Wednesday 26 June 2019

Nationality must seem trivial for ruler of the world

Tommy Conlon

Last September, Rory McIlroy put his house in Northern Ireland up for sale and in December he was reported to have bought a mansion in Florida.

He was trading up but he could afford it. In August, he won his second golf Major. He earned almost €12m in 2012, in tournament money alone. A new ten-year contract with Nike worth somewhere between $200m and $250m was due to kick in on January 1.

In October, he visited Turkey to play in a contrived invitational event for another very large cheque. A documentary team from BBC Northern Ireland was there to capture some footage. Last Thursday night they broadcast the resulting programme.

In one scene a gleaming black BMW pulls up outside a palatial hotel in the Turkish city of Antalya. The back door is opened and out of it alights McIlroy and his girlfriend, the Danish tennis star Caroline Wozniacki. They are escorted down a marble corridor surrounded by an entourage of nervous men in suits. It is a reception usually reserved for a visiting head of state and his consort, or for the secular gods of the entertainment industry. Contemporary sport has its own global royalty these days too and in that moment it was clear that McIlroy had become part of that rarefied firmament.

His talent, his fame and his achievements make him a modern-day master of the universe. He will rub shoulders with major league politicians and king-sized CEOs because they will want to rub shoulders with him. Doors will open all over the world; the invitation cards will be gilded and embossed. Last March, he was a guest at the White House for a state dinner hosted by President Obama in honour of British Prime Minister David Cameron.

His roots are in Holywood, Co Down; his current life is more Hollywood, California. He put the property in NI, with its 14 acres, on the market because his schedule meant he rarely got to use it. The new pad in America will be dark for much of the year too.

McIlroy is 23 years old and revelling in the life of this parallel universe. He is monied up, loved up and Majored up. It so happens that, in addition to his fabulous talent, he has been blessed with some impressive character traits too. Everything about his demeanour points to an unusually mature and self-aware young man. He comes across consistently as affable and good-humoured. He seems to genuinely appreciate the gift for golf with which he was apparently born, and the privileged life that has flowed from that gift.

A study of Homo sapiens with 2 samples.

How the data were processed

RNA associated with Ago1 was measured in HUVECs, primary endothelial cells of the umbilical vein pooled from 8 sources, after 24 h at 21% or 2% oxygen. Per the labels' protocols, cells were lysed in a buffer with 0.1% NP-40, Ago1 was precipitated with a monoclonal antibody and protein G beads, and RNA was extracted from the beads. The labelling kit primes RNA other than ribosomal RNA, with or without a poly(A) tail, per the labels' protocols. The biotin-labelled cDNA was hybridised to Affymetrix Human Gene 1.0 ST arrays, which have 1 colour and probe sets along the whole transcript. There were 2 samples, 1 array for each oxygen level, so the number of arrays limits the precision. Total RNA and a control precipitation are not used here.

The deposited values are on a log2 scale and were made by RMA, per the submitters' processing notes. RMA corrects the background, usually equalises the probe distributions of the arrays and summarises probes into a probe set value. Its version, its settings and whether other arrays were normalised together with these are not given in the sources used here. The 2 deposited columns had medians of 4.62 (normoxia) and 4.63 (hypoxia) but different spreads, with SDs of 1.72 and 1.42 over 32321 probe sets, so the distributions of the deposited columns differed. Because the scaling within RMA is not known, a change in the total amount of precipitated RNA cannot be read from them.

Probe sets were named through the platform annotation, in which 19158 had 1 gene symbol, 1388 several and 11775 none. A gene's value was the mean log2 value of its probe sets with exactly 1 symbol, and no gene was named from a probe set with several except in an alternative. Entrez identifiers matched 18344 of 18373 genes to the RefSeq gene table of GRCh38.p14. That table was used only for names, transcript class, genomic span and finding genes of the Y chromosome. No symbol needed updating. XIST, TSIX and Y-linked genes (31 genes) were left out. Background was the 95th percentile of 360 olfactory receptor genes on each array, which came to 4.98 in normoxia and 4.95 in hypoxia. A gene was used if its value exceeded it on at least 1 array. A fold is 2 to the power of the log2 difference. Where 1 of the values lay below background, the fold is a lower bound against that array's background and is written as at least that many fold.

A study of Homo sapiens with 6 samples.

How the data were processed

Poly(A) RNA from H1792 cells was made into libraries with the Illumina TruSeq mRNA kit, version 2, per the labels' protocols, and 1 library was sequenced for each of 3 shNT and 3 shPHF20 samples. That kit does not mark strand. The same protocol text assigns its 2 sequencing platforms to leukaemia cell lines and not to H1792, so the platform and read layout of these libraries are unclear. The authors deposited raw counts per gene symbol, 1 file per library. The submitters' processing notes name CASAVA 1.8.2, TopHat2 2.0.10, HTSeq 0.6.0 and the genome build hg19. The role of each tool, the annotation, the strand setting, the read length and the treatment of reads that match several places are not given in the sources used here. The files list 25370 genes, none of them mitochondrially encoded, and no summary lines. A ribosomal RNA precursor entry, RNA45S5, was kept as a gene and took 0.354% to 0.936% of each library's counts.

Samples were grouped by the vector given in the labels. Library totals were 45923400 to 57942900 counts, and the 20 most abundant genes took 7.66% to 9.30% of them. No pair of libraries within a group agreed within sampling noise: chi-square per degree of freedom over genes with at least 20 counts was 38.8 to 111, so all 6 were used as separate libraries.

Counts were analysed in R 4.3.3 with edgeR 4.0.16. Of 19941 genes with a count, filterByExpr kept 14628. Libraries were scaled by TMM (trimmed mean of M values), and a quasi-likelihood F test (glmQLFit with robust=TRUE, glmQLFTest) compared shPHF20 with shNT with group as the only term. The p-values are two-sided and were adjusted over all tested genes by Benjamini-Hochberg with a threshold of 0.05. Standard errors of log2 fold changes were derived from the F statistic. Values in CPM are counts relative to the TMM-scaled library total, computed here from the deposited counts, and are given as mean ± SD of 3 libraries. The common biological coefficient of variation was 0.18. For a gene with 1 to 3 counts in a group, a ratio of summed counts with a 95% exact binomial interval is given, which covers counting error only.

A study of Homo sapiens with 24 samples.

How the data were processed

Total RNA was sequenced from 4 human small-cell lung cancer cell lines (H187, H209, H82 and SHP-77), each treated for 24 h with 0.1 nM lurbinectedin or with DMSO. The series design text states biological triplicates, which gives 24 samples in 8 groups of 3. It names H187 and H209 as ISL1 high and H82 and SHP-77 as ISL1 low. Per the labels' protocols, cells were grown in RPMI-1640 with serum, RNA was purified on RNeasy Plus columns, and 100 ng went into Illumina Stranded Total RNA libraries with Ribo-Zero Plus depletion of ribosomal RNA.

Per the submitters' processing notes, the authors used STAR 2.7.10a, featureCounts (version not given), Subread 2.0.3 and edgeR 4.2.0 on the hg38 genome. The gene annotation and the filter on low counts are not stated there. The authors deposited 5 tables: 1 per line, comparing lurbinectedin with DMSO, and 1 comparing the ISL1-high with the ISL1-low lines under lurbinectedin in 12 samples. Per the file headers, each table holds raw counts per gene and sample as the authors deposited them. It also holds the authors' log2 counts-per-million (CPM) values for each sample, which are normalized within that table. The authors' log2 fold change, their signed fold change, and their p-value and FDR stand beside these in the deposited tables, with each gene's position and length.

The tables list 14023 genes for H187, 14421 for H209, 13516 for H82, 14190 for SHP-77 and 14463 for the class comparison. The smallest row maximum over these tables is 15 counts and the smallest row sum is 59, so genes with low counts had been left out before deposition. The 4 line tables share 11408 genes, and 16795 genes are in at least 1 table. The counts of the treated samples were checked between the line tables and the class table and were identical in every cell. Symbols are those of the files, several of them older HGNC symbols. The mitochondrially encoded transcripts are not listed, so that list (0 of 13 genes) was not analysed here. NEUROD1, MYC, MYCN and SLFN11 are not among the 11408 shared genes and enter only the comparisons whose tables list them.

His is essentially a stateless existence nowadays; it transcends borders and cultures, moving from one luxury hotel to another, one private jet to another. Golf doesn't depend on nationalism or tribal loyalties for its popular appeal and financial might. Its professional exponents are free agents and lone traders; they play for themselves. Most of the time they don't really care, and maybe don't even know, what country they're in when they put the ball on the first tee.

And yet this citizen of the world cannot fully escape his roots. No matter how high he flies, the dreary steeples of Ulster will apparently always loom somewhere on the horizon. There is no getting away from the politics of his identity.

In a newspaper interview last September, he said he felt more British than Irish. The question had concerned the Rio Olympics in 2016 and which country he would choose to represent. "Maybe it was the way I was brought up, I don't know," he stated, "but I have always felt more of a connection with the UK than with Ireland."

It was a startling admission. It stung a lot of people in this country who had just taken it for granted that he considered himself Irish. It was partly to do with that smug native pride which presumes that anyone, given a choice, would only be too delighted to call themselves Irish. He also looked and sounded Irish, if there's such a thing; and he'd been immersed in the Irish golfing system since childhood.

Anyway, he once again addressed the issue in Thursday's documentary. He raised the possibility of opting out altogether, to avoid causing offence to the jilted nation. Personally, I think

he should just follow his heart; be true to himself and follow his inner voice. But it's way more complicated than that for him. One way or another it's a subject that's going to dog him intermittently over the next four years.

"When the soul of a man is born in this country," wrote James Joyce in A Portrait of the Artist as a Young Man, "there are nets flung at it to hold it back from flight. You talk to me of nationality, language, religion. I shall try to fly by those nets."

It is tempting to think that McIlroy's move to Florida isn't just for geographical convenience, proximity to the American golfing circuit: he may be looking for some psychic separation too. Because those nets have come back to haunt him now.

"I was a dreamer," he said in the documentary, "I always thought big and dreamt of big things."

He was dreaming of the world, and now that he has conquered the world in his chosen calling, the issue of who he is and to whom he belongs has never seemed more petty or provincial.